What is a classic cycling race?
The basic description is a one day professional road race, generally held in Europe throughout spring, summer and autumn.
Most of the European versions have been running for decades with the oldest races starting in the 19th century. The five most revered of the classics are known as the ‘Monuments’. The Classics season starts with the first of the monuments, Milan-San Remo, which is run on the Sunday closest to the first day of spring. The Giro di Lombardia is the last of the monuments each season and is currently held in September.
Milan – San Remo – the first of the classics is often known as the ‘sprinters’ classic. At 298km, this is the longest classic race on the UCI Pro Tour. Eddy Merkx holds the record for the most wins (7).
Tour of Flanders – Flanders is held one week before Paris – Roubaix every year and is the most important race in Belgium. Characterised by multiple, short, sharp climbs, the race route changes regularly. Six cyclists share the record for the most victories (3), Tom Boonen and Fabian Cancellara being the most recent.
Paris – Roubaix – known as the Queen of the Classics and The Hell of the North, Paris-Roubaix is infamous for its multiple cobbled (pave) sections. Seen as one of the toughest professional road races, teams often ride special bikes and require significant mechanical support. The winner’s trophy features one of the infamous cobblestones which give this race its awesome reputation. Two Belgian cyclists hold the record for the most wins (4) – Roger De Vlaeminck and Tom Boonen.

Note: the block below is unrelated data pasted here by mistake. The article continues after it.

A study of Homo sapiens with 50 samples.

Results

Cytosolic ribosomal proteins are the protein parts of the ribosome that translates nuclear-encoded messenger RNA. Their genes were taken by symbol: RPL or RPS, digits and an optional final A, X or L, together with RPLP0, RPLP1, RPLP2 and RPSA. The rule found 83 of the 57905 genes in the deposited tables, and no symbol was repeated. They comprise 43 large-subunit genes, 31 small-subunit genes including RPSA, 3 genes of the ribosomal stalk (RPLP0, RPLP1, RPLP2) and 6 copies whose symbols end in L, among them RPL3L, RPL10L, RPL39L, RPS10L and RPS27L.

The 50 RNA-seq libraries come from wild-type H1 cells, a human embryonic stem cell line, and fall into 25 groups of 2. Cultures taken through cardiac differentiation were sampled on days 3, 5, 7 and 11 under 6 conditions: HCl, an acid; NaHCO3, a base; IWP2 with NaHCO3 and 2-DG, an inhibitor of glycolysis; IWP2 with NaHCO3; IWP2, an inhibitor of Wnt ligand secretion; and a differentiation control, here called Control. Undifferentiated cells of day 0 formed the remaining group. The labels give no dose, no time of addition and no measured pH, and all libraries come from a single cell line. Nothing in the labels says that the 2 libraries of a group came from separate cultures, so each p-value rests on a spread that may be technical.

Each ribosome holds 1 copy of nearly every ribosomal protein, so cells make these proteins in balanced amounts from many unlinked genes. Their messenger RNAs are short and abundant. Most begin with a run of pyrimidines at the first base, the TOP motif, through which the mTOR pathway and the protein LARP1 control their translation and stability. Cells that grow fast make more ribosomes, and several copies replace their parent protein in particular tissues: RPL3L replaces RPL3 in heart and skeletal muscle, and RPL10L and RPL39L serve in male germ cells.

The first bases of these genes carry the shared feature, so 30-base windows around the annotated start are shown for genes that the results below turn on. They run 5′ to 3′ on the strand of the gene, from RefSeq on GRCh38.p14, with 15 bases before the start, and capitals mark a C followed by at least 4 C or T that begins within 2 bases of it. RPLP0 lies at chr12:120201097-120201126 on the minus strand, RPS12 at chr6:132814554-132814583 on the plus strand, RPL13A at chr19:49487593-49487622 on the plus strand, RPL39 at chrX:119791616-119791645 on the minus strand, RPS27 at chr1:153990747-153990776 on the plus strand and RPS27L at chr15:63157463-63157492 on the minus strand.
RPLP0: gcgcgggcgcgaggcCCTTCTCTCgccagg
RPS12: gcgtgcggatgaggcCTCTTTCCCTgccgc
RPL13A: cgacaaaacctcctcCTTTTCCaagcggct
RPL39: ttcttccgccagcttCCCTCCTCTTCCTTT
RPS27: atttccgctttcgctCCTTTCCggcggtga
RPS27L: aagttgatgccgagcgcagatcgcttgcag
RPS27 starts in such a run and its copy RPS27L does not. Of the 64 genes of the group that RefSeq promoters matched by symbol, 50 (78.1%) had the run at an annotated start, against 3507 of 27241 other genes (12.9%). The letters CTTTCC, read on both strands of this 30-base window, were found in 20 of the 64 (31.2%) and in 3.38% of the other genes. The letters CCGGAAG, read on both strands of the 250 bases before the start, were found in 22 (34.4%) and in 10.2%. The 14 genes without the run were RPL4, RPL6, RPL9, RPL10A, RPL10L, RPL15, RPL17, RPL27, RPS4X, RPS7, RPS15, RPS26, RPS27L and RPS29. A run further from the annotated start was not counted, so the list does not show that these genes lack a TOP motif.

Liege – Bastogne – Liege is known as La Doyenne having started in 1892. Following different routes to and from Bastogne and with multiple climbs this race often rewards the most aggressive riders. Eddy Merkx holds the record for the most Liege – Bastogne Liege wins with 5.
Giro di Lombardia is one of the last UCI events every year. Known as a ‘climbers’ classic, the route changes regularly, although Lake Como and the Ghisallo climb are 200px-Giro_di_Lombardia_logo.svgsignature features. Fausto Coppi holds the record for the most wins with 5.
Three riders have won all 5 monuments – Rik Van Looy (1950s – 60s), Eddy Merkx (1960s – 70s) and Roger De Vlaeminck (1970s). Eddy Merkx is the only rider to have won 3 monuments in the same year and he did it 4 times, just to be sure.
Australian cyclists have achieved only four wins in the European Monuments – Stuart O’Grady won Paris Roubaix in 2007, Michael Goss and Simon Gerrans have both won Milan-San Remo in 2011 and 2012, and Simon Gerrans also won Liege-Bastogne-Liege in 2014.